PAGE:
TN Governor proposing changes to state's open container law
By WRCB Staff
CHATTANOOGA, TN (WRCB) -
A new bill being proposed by Governor Bill Haslam would make it a crime to have an open container of alcohol in a vehicle on Tennessee roads.
It's already illegal in Tennessee to drink alcohol while driving but the law does not include passengers.
This isn't the first attempt to change the law but other attempts have failed over the years in Tennessee.
The latest push by Governor Haslam has the support of a Chattanooga mom who has devoted her life to spreading the message about the dangers of drinking and driving.
Tiki Finlayson is the co-founder of 1N3, a non-profit organization that brings awareness to the issue.
She started the non-profit after her son, Kevin Yates, was hit head-on and killed by a drunk driver on Highway 153 in 2011.
Yates was just 25 years old at the time.
Finlayson supports Governor Haslam's latest push to change the law.
"I think it's something that every state should have been doing all along. No one needs to be driving in a vehicle with alcohol because they could easily pass it to the driver and the driver hand it back.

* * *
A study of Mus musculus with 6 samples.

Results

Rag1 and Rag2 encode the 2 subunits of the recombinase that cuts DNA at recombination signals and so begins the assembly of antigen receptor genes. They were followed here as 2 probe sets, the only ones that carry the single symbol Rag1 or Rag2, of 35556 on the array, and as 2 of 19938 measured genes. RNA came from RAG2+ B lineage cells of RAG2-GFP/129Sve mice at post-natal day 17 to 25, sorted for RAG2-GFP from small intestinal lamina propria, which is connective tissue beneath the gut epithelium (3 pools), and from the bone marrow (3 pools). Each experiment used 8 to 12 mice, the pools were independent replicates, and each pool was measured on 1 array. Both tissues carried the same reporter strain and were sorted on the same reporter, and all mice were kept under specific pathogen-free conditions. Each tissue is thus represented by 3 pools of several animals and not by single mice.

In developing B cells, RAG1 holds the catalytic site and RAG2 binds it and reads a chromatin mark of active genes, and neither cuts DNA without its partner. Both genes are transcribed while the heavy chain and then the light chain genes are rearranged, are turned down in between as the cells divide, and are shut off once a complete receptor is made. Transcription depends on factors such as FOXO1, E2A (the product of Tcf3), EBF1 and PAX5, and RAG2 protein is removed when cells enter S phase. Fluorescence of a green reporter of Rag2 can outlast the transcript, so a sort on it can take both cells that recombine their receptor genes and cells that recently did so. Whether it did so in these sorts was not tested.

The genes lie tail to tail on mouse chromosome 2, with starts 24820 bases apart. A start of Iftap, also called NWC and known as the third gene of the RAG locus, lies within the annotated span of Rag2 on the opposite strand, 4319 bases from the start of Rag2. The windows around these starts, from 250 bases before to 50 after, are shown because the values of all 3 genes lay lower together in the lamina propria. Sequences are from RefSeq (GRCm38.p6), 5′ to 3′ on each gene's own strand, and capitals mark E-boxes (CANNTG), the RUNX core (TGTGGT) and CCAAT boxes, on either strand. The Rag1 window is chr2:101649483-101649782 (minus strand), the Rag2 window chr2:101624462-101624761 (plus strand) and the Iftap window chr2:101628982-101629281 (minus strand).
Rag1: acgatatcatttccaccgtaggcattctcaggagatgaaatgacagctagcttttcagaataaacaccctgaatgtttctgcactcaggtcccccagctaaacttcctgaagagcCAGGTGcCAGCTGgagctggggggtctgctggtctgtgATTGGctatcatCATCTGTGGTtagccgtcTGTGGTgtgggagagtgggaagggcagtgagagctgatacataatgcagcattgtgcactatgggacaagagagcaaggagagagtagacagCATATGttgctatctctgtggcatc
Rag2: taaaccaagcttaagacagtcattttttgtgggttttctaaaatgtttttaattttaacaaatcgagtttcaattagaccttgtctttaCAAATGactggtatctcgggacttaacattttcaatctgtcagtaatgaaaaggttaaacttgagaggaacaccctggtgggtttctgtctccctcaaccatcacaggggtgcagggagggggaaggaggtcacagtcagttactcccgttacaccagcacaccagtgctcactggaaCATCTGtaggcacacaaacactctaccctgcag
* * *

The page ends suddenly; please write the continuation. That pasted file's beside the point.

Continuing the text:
I think it would be great to have this bill passed," Finlayson told Channel 3.
There are some concerns though about the proposed bill.
Tennessee's law for passengers doesn't meet federal regulations and some of the state's share of federal road money is diverted to DUI enforcement.
Some prosecutors and police worry the money would be lost under the change.
Finlayson hopes that funding won't be cut either.
After her Yates' death, the woman convicted of killing him was sentenced to eight years behind bars.
She only served 19-months though because Finlayson, in an act of forgiveness, convinced the parole board to release her early.
The two women now speak together regularly at schools and community events.
They hope to drive home the message that one bad choice can impact many lives on both sides of a tragedy.
If Governor Haslam's bill passes, the money would be spent on improving roads in Tennessee.
He has said he would try to replenish money that goes toward DUI enforcement from the general fund but he has not yet made a specific proposal.